On October 23 about 300 of us were eagerly waiting for Willie Brown at the Green Room of the San Francisco War Memorial Center. The elegant hall has a gorgeous wraparound balcony with a magnificent view of San Francisco City Hall.
The bar was packed with California wines, tasty hors d’oeuvres and we were all dressed up to hear Willie, the former Speaker of the California State Assembly and the 41st mayor of San Francisco. I have heard him before many times, and the 82-year-old Afro-American liberal Democrat never disappoints. He is a funny, a very dynamic speaker and overall fantastic guy. (More about Willie here.)
The boy choir sung. Blessings were given by Father Maurus Németh, Gábor Magyari-Köpe from the local Hungarian Reformed Church, a Rabbi and a Unitarian Minister. The good humored Rabbi even got an applause. Eva Voisin the local Honorary Consul gave a speech and we were ready for Willie Brown. The crowd was warmed up.
Willie did not show. There was no explanation. Was he sick, or had other business? Willie Brown, the main attraction, the star speaker of the San Francisco 56 event simply skipped the occasion.
This year the Hungarian Embassy’s flagship event in Washington DC was the 1956 Anniversary Gala on Sunday, October 16. The black-tie dinner was held at the Andrew W. Mellon Auditorium. Hungarian politicians flew in and Csilla Szentpéteri with her band performed a special program entitled “The Tempest of October 1956.” Money was not spared and even a lobbyist emcee, Ari Fleischer was hired.
The Gala was sponsored by the Government of Hungary as well as the “Hungarian American Community.” The organizing committee had 140 “distinguished” members; no names mentioned. Who are these people? And why did the Hungarian Government organize the 56 commemoration?
A week before the Gala a twitter was distributed that Victoria Nuland, US Assistant Secretary of State for European and Eurasian Affairs would not attend. Thomas Melia, ex-Deputy Assistant Secretary of State would not be there either. Whoa. Is the State Department boycotting the event? Apparently they were concerned that the Orbán government would tout their attendance as a support for its policies.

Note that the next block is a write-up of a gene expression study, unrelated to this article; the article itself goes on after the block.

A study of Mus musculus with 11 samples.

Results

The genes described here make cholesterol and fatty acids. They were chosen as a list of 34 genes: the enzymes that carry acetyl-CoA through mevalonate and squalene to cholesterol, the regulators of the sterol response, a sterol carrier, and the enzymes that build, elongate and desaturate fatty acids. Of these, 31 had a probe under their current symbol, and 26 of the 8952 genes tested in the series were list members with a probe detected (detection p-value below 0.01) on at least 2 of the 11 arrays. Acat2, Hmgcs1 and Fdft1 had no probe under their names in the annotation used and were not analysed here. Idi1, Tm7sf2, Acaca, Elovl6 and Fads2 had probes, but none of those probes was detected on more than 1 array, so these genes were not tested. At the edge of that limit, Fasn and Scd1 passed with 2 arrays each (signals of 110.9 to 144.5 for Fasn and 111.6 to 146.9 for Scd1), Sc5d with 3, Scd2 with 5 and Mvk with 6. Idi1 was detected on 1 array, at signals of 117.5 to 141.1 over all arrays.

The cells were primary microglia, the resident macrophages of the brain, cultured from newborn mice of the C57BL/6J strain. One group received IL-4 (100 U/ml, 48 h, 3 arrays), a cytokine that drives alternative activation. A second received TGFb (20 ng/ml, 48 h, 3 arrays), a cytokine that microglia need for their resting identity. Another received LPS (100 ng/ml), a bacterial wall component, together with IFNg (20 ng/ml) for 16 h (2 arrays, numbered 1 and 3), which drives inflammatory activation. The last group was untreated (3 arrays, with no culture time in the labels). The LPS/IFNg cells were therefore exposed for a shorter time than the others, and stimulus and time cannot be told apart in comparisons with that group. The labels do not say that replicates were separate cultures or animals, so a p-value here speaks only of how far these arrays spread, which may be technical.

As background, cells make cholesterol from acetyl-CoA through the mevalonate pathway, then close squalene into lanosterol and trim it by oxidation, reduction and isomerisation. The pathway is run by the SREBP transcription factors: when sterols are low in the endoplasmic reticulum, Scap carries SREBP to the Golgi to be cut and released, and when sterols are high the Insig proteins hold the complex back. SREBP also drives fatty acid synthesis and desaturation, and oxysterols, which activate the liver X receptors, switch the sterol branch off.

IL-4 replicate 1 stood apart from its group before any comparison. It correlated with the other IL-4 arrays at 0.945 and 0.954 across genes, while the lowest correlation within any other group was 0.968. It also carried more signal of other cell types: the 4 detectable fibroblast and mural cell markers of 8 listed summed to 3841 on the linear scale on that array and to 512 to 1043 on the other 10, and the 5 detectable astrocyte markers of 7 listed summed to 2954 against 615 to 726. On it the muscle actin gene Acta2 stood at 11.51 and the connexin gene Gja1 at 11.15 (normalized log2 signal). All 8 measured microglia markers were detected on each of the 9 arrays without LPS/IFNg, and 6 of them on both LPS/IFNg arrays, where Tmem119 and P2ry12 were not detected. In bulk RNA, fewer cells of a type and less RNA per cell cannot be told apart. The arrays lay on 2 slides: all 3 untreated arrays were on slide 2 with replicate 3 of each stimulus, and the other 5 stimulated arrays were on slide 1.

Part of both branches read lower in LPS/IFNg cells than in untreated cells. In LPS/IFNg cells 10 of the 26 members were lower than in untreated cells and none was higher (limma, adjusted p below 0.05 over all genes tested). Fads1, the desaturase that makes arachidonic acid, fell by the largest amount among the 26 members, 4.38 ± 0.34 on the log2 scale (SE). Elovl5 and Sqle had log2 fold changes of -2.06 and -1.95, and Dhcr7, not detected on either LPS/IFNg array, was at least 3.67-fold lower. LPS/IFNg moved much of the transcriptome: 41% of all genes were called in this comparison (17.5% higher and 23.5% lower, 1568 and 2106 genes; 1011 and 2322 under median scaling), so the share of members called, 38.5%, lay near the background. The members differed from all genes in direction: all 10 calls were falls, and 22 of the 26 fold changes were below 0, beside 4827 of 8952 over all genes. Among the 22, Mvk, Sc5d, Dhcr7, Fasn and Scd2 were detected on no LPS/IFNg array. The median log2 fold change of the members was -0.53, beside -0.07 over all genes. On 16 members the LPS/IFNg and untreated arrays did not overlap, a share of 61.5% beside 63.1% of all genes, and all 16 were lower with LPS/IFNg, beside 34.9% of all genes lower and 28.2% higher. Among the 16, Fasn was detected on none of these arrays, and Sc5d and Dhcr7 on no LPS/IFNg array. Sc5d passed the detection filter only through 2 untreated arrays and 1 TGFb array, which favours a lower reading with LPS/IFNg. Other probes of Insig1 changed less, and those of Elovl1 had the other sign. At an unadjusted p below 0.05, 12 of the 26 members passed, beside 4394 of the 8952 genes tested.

Ambassador Colleen Bell was there, and Jeh Johnson Secretary of Homeland Security also gave a brief speech. No Hungarian paper quoted it since it was a polite critique of Hungary’s migrant policies. Mr. Orbán’s media doesn’t report on US criticism anymore. Mostly unknowns were herded together at the Gala: Adrienne Vittadini, a fashion designer, Charles and Peter Gogolak of the Washington Redskins and the New York Giants; philanthropists Calvin Cafritz and Mary V. Mochary, and Aniko Gaal Schott an interior designer. Are they really the most prominent Hungarian-Americans? – I wonder
Florida Republican Congressman Dennis Ross was there; he posed for a photo with ex-Congressman Connie Mack, also from Florida. Mack is Hungary’s current top (and very high paid) lobbyist in the US. Ross is co-chair of the Hungarian American Congressional Caucus, his Democratic co-chair, Rep. Marcy Kaptur was missing. Loyal Republican ex-Governor of New York George Pataki was there, he talked about his 1956 experiences. He attends every Hungarian event in the last 20 years.
As it turned out a parallel 1956 commemoration also took place in DC with influential Hungarian Americans and administration insiders without Hungarian politicians and diplomats. They were not invited. The event was organized by Tom Melia, Charles Gati, Professor at Johns Hopkins University and former Hungarian ambassador to NATO and to the US, András Simonyi. Notable big name Washingtonians attended: Zbigniew Brzezinski, André Goodfriend, Victoria Nuland, her husband, conservative star columnist Bob Kagan, Charlie Kupchan, Rob Berschinksi, Carl Gershman, Sushma Palmer (Mark Palmer’s widow), Hoyt Yee, Ira Forman, Jackson Diehl, Damian Murphy and Pál Maléter Jr., son of the Hungarian army commander and martyr of the 1956 Revolution.
The Embassy’s Gala has proved again that Ambassador Réka Szemerkényi and her government have little support in Washington. Szemerkényi has also created deep divisions among Hungarian Americans with her embrace of the Hungarian far-right and her refusal to discuss issues or even respond to questions.
It seems that the Hungarian diplomacy’s main goal is now to promote “Orbanism” to the dwindling faithful and manufacture “feel good,” often misleading, news-stories for the Hungarian media. The Obama administration, the Democrats, most Republicans and the majority of the Hungarian-American community have turned away from Hungary’s Washington diplomats. Many boycotted the official commemorations on the 60th anniversary of the 1956 Hungarian Revolution.
This is a low point for Hungarian American relations.